Monday, March 05, 2007

Lecture 1

Hey everyone, this is is a short bio of myself...

My Short Bio
So as you know my name is Sangyoun Han. I am Korean, but I live and study in Toronto,Canada. I attend the Schulich School of Business at York University and I'm in my third year of studies. I am completing my iBBA degree with a specialization in Finance and Marketing. I have been at IESEG since Jan 2007, and will be leaving once this semester is finished. I have a Finance internship back in Toronto for TD Securities, which is one of the largest bank in Canada, so I'm pretty excited about that. In the future, I am planning to have a career within the finance sector in I-Banking and/or consulting.
The reason I chose this course is because I haven't learned too much on this topic, and so I thought it would be a great opportunity to learn it here, in France. Also, I think its important to have at least a general understanding of other topics other than Finance and marketing, in order to help me in my career with a broad understanding of many business concepts. Therefore, I hope I learn a lot from this course, and I hope the topics learned in this course will help me someday in the future.
Finally, something interesting about me is that I love to experience different cultures, and one day I would love to take a year off and just travel the world!

Lessons learned from Lecture 1
So today was the first class for Global ERP Systems. I thought it was very interesting, especially because I came into the class with a very limited understanding of this concept. However, after a fun, interactive ice-breaker, I quickly realized how detailed an ERP system really is.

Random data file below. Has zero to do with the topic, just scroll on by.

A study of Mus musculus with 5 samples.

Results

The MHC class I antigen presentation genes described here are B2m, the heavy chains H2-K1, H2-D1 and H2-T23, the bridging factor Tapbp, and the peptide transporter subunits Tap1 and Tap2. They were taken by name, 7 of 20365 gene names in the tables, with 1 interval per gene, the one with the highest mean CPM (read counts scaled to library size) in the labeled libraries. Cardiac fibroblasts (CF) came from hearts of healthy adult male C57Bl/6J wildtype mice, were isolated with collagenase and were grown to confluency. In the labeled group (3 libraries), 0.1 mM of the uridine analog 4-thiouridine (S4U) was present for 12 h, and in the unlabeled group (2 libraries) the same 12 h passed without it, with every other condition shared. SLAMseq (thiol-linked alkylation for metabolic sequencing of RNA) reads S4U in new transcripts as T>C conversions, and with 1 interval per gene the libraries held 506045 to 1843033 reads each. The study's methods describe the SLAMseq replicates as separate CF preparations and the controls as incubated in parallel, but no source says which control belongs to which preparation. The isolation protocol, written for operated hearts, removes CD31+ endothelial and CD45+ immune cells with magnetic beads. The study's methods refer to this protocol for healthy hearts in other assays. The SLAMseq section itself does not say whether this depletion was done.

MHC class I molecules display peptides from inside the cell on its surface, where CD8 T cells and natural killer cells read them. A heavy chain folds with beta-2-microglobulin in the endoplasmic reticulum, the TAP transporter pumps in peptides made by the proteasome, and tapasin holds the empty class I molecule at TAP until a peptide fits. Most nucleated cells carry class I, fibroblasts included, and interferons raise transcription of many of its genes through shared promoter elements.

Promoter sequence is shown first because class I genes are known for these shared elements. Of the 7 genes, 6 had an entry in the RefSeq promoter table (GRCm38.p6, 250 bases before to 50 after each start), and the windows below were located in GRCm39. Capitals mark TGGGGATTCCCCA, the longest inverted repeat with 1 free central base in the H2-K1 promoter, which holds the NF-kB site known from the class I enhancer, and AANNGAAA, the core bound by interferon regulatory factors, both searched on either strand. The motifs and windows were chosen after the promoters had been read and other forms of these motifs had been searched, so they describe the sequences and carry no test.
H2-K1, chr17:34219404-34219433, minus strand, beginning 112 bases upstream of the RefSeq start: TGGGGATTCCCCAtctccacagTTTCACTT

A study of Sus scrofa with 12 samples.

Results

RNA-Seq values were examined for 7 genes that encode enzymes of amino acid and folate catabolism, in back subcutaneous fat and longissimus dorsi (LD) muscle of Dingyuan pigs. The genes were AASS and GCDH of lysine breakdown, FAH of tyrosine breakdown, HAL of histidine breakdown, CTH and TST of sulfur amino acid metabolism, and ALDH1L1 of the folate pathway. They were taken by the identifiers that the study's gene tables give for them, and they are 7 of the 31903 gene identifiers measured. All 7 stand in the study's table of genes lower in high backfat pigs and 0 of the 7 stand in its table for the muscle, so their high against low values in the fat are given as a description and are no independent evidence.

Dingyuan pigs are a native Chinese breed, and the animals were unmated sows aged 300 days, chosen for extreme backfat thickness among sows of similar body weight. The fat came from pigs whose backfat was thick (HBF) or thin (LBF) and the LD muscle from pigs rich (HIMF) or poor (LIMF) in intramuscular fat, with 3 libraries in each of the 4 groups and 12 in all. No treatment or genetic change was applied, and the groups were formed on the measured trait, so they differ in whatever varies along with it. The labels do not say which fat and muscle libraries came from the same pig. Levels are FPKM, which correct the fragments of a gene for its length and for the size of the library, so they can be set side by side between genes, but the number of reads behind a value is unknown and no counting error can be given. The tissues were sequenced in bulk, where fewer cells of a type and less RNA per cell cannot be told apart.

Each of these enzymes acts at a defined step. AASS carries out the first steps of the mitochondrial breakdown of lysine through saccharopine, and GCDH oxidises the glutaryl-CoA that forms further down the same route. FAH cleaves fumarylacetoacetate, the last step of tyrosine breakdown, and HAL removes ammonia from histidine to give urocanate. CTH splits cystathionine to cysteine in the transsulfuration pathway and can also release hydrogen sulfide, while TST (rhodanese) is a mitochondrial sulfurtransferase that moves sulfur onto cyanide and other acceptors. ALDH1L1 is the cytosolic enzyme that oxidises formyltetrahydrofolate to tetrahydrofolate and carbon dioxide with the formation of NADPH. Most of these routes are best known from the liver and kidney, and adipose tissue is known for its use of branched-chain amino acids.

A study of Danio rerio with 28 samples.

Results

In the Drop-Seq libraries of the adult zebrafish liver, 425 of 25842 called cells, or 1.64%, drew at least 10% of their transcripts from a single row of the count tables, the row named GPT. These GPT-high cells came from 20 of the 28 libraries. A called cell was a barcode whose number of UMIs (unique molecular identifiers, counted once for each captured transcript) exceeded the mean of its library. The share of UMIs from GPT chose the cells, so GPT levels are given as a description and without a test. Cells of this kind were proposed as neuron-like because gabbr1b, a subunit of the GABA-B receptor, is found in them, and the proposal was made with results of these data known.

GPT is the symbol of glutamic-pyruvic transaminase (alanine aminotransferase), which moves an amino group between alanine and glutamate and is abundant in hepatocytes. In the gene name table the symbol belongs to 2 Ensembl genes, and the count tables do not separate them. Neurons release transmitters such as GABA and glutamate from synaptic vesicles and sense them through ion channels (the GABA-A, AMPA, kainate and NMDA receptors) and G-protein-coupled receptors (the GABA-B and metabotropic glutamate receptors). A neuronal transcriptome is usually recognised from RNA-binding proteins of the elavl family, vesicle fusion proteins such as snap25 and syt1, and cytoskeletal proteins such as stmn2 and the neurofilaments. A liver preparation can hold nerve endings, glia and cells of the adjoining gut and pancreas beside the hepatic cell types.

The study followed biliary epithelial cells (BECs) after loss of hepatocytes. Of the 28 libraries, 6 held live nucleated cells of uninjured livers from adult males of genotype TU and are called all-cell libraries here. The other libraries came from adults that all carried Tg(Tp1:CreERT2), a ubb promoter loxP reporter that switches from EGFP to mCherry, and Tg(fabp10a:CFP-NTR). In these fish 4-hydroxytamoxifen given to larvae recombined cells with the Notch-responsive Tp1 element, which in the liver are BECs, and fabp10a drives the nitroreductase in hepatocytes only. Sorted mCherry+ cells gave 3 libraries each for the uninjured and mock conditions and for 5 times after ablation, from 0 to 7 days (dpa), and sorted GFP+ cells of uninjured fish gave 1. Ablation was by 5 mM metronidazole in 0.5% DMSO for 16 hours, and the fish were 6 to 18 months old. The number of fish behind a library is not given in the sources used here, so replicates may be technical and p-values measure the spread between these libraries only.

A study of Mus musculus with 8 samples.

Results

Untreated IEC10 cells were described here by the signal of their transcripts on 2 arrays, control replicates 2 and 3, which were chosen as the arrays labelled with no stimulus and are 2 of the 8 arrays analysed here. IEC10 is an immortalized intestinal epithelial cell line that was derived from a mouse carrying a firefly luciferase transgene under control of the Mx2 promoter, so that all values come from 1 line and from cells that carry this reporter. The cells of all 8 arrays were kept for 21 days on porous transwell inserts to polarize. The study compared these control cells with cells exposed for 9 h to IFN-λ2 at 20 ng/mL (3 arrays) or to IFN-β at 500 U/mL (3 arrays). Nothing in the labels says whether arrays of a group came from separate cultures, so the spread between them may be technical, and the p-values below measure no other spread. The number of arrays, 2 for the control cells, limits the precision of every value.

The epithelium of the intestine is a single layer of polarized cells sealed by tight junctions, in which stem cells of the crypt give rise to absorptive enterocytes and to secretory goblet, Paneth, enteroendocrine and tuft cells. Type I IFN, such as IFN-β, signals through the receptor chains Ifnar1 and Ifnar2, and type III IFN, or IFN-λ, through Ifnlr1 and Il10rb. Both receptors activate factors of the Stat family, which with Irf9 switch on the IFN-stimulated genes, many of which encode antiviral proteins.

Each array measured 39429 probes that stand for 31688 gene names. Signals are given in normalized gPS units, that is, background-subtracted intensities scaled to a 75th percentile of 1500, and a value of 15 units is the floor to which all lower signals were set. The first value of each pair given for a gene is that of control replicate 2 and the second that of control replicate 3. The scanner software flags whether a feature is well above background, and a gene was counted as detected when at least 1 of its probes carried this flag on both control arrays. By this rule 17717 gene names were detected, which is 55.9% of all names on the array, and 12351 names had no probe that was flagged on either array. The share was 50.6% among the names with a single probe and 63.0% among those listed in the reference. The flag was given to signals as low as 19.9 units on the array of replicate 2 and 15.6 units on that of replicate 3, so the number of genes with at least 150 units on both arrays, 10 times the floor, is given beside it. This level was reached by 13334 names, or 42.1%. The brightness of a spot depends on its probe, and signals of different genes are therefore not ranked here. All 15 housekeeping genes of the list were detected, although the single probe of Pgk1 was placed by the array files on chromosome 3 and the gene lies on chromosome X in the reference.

Today’s lecture was more theoretical, as the purpose of the class was to give an underlying idea of what the concept of ERP is. I learned that many firms use this system to replace the old methods, which operate on multiple systems for each department. The ERP system introduces ONE system, in which all modules (finance, accounting, marketing, HR etc…) can be linked to the same database. What this creates is higher efficiencies through decreased time wasted and increased quality.
Furthermore, there is more than just one ERP system. We can divide them into three groups, Major Systems, Medium Systems, and Open Source Systems. Each category addresses certain attributes to specific groups, and therefore it is impossible to say which group is the best. Moreover, within each category are several ERP systems such as SAP and Oracle, which gives even more options for organizations to chose from. Therefore, issues such as customization, costs, way of business, and security all play and important role in choosing which ERP best suits a firm.
Finally, it was explained that although ERP systems are beneficial for most firms, it is very costly and requires constant maintenance and updates. Furthermore, the further we delve into this topic, the more it is apparent how intricate the system truly is, as specific software updates are needed for specific programs such as open systems architecture (“Bolt-on”). Thus, firms need to calculate whether the benefits in investing in an ERP system outweigh the costs in the long-run.
Today’s lecture was very insightful, with examples of real life experiences as well as open discussion within the class, and I look forward to tomorrow’s class.
Anyways that's it for today, see you all tomorrow!